Colorado, it’s time we had a serious talk. One in five of our state’s children is missing routine immunizations according to the latest data from Children’s Hospital Colorado. This is a problem! Our children deserve better. Vaccines are touted as the greatest achievement in the history of public health, but they only work if we choose to use them (and if enough of us use them to limit the spread of dangerous diseases). Let’s turn our attention today to measles specifically.
Measles, while eliminated in the United States in 2000, is still out there.
Measles, eliminated from the United States in 2000, is among the most dangerous of vaccine-preventable diseases, and it’s making a comeback. The measles, mumps, and rubella (MMR) vaccination rate needs to be at 95% or above to adequately protect our communities. Data from the 2022 – 2023 school year shows the statewide kindergarten MMR vaccination rate to be well below that threshold at 86.8%. Globally, measles remains a threat. In fact, just last month a confirmed case of measles was identified in a teen who flew to Denver International Airport from overseas. While symptom monitoring of known contacts to this individual currently indicates it was contained and not further spread in the community, we can’t continue to rely on luck or chance. We’re only one plane ride away from a full on outbreak.
The recent Colorado case of measles does not stand out as an anomaly. There is a current measles outbreak in Philadelphia, which may have spread to Delaware. Last year, Ohio saw an outbreak that led to 85 confirmed cases and spread to Kentucky. And in 2019, there were nearly 1,300 cases confirmed in 31 states, including Colorado. At this rate, it’s only a matter of time before an outbreak makes its way back to our state. Let’s not go backwards!
Measles is so scary because it’s extremely contagious.
Measles is spread when an infected person coughs or sneezes. The virus can live in the air for up to two hours. You don’t even have to be in the same room as an infected person to get measles. Simply touching an infected surface or breathing contaminated air is all it takes. It is so contagious that an infected person can spread it to up to 90% of unvaccinated individuals they contact. An infected person is contagious four days before and four days after they develop a rash that appears at the hairline and spreads down over the body. This typically happens 2-4 days after first developing a high fever, cough, runny nose, and red, watery eyes.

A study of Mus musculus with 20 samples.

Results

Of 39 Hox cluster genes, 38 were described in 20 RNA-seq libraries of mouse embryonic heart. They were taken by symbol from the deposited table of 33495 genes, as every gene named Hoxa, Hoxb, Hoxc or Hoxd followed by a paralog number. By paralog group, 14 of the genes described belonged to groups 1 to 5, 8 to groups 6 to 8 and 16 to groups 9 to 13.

Measles is especially dangerous in young children – even those that are healthy.
Certain groups are at increased risk from severe complications from measles, especially young children under the age of five. Even otherwise healthy children can experience complications from infection. Severe complications include hospitalization, pneumonia, encephalitis (swelling of the brain), and even death.
Other groups at higher risk from measles complications include adults over 20 years of age, pregnant people, and people with compromised immune systems.
Here’s what to do if you think you’ve been exposed to measles or are experiencing symptoms.
Measles infection should be taken seriously, and you should contact your healthcare provider by phone rather than showing up at a healthcare facility in person if you suspect exposure or are experiencing symptoms. You should not go out into public settings unless you need medical treatment. If you need treatment, call ahead to alert the healthcare facility so they can help minimize the risk of exposure to others.
Widespread use of the MMR vaccine is the best tool we have to prevent the spread of measles.
The Centers for Disease Control and Prevention (CDC) recommends that children get two doses of MMR vaccine, which protects against measles, mumps, and rubella. The first dose should be given between 12 and 15 months of age. The second dose should be given between 4 and 6 years of age. All other age groups, excluding those born prior to 1957 or those who have evidence of immunity, should also be vaccinated against measles. Colorado law requires students to have their second dose of MMR vaccine prior to entering kindergarten.
The MMR vaccine is both very safe and effective. Once you get the MMR vaccine, you are protected for the rest of your life against measles. The bottom line is that measles is a preventable disease. Children deserve to attend schools and child care centers where they are not at risk from inadequately vaccinated children. All Colorado kids deserve to be protected!
Does your child need to get caught up with MMR or other routine vaccines? Schedule an appointment with their medical provider or contact your local public health agency to get them caught up and get your questions answered. It’s up to all of us to ensure a healthy Colorado!
Immunize Colorado was formed in 1991 in response to alarmingly low vaccination rates across the state. At the time, only about 50% of Colorado’s children were adequately vaccinated. A group of physicians and other concerned individuals came together to strategize how to protect Coloradans from vaccine-preventable diseases and increase vaccine uptake. Much work remains. You can donate or discover other ways to get involved in supporting our commitment to healthy Colorado communities today!